Oh, hi. I’m buying one thing from every shop on the Crystal Palace triangle and writing about them here for the joy of it.
This is the third thing from the third shop. It’s a timely reminder that one person’s junk is another person’s treasure, and we can’t take any of it with us. Merry Christmas! 🎁
A shop name I love more with each consecutive non sequitur! Whenever I pass by, I think of Russ Hanneman on Silicon Valley putting “radio on the internet”. These guys have put car boot sales on the internet… and then pivoted to put them in a shop as well. It’s a fun concept, and several of my favourite things rolled into one!
In both internet and shop form, London Carboot salvages unknown strangers’ unwanted possessions through house clearances, and gives them a second life by selling them on at car boot prices.
Stock seems to turn around fast, so it rewards frequent visits to grab a characterful trinket or bargain bit of furniture, or just to pop in and puzzle over other people’s interior design taste.
The history of the business makes sense of its name. It started as a regular pitch at the capital’s car boot sales, went online-only in the pandemic, then – with boot sales proving slow to recover – moved into an empty unit on Church Road.
It’s the same unit that previously housed Crystal Palace’s very own FBI, Finlay’s Bureau of Investigation – a private eye and process server, which (by contrast) now operates solely online since its founders retired. FBI’s work may often have led to house clearances, so there’s some circularity here.
Sadly though, after 2-3 years happily trading in this spot, London Carboot’s shop might be gone within months because the landlord is selling up. Clearance upon clearance.
Shame. I have a fondness for this kind of place. About 22 years ago my wife and I bought our first furniture in Rotherhithe and Surrey Quays from a guy we called “Crystal Paul” (after his similar clearance shop). The shop’s long gone, but I found these old photos on Flickr:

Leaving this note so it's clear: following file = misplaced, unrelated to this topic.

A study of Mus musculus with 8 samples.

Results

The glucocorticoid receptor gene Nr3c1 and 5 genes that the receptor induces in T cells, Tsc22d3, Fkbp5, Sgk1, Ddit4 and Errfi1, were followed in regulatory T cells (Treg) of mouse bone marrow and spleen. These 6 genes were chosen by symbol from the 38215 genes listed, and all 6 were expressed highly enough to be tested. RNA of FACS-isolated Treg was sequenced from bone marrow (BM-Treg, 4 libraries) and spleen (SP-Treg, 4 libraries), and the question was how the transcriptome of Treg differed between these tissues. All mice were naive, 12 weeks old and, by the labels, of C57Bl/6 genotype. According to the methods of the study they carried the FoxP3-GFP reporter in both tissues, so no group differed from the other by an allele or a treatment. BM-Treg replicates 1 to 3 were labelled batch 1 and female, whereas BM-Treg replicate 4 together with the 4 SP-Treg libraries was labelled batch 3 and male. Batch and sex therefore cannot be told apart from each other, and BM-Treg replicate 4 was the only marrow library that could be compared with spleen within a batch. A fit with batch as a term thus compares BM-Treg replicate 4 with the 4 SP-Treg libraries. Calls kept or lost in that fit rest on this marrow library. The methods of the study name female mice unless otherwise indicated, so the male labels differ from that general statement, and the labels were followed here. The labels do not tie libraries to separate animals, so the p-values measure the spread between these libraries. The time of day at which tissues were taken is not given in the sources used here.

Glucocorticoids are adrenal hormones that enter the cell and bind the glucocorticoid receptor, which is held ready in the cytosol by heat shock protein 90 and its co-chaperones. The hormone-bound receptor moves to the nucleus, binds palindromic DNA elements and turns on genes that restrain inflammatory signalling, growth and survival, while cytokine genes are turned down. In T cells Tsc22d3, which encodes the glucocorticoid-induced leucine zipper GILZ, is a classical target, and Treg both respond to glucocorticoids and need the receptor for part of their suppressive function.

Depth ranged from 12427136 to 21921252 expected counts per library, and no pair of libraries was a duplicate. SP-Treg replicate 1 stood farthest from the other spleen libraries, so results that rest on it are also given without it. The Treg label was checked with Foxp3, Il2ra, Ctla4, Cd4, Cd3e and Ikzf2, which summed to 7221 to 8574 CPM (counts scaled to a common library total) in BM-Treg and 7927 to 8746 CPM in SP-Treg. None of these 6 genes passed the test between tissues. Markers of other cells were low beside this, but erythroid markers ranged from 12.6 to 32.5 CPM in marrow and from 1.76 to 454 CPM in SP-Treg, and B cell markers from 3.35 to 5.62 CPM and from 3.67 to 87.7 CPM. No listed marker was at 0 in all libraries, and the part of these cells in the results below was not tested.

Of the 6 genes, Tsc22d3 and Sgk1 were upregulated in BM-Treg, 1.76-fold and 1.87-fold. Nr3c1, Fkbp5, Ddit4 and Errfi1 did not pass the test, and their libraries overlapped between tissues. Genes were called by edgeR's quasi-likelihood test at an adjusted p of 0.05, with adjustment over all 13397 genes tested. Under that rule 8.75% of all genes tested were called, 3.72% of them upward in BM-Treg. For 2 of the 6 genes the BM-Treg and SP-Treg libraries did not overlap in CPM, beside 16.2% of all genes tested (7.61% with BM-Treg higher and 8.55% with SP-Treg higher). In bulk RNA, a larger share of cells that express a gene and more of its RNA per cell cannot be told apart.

The folks behind London Carboot Online are Philip (originally from Portugal) and Tamara (originally from Georgia). Their little girl was also there when I popped in, busy making drawings that were lovingly displayed in the office/till area (but not for sale).
I spoke to them briefly and they were grateful for the interest, generous with their time and instantly likeable. Here’s what I found out.
- Having started out doing house clearances, they now mostly buy stock from other house clearers instead
- The online element is mostly through their Instagram and Facebook accounts
- The shop also serves as a workshop. Increasingly, Phillip is restoring and upcycling, even making brand new things out of salvaged materials – giving the stuff people leave behind a new life and keeping it out of landfill
- They miss the camaraderie and community of boot sales but say the big ones all shrank from 1000s of dealers to a few hundred, and still aren’t bouncing back
- They’re not sure yet what they will do after the landlord sells up. The rents around here are a big commitment. All a bit meta, isn’t it?
The many things
“No one can win against kipple, except temporarily and maybe in one spot. In my apartment I’ve sort of created a stasis between the pressure of kipple and nonkipple, for the time being. But eventually I’ll die or go away, and then the kipple will again take over. It’s a universal principle operating throughout the universe; moving toward a final state of total, absolute kippleization.”Philip K Dick, Do Androids Dream of Electric Sheep
There’s a fine line between filling our homes with treasured possessions, and letting the kipple take over. All of it outlives us in the end, so hooray for shops like this that help re-home as much of it as possible.
The difference between kipple and nonkipple is a highly subjective affair, so I had a good look around, to choose wisely.
On my visit, there was an abundance of cat-themed ornaments, teapots, serving dishes, gravy jugs and more. Phillip confirmed my suspicions that they were all from the same old cat-lady’s house. Here are just a couple of them.
These audio cassette drawers sparked nostalgia for me. I had some like these, filled mostly with Prince albums, copies of unsolicited mixtapes for girls I fancied, and compilations of the best of my parents’ record collection.
But – like I said – the stock moves fast and these photos are already out of date, judging by the latest pics up on instagram.
The one thing
I bought this happy little yellow mug guy, for £2.
The thing in its new home
It’s now cheering up my office shelves, hanging out with my collection of duller, government department mugs.
For now, London Carboot Online – The Shop is at 54 Church Road, Crystal Palace. Swing by before they close and pick up a bargain!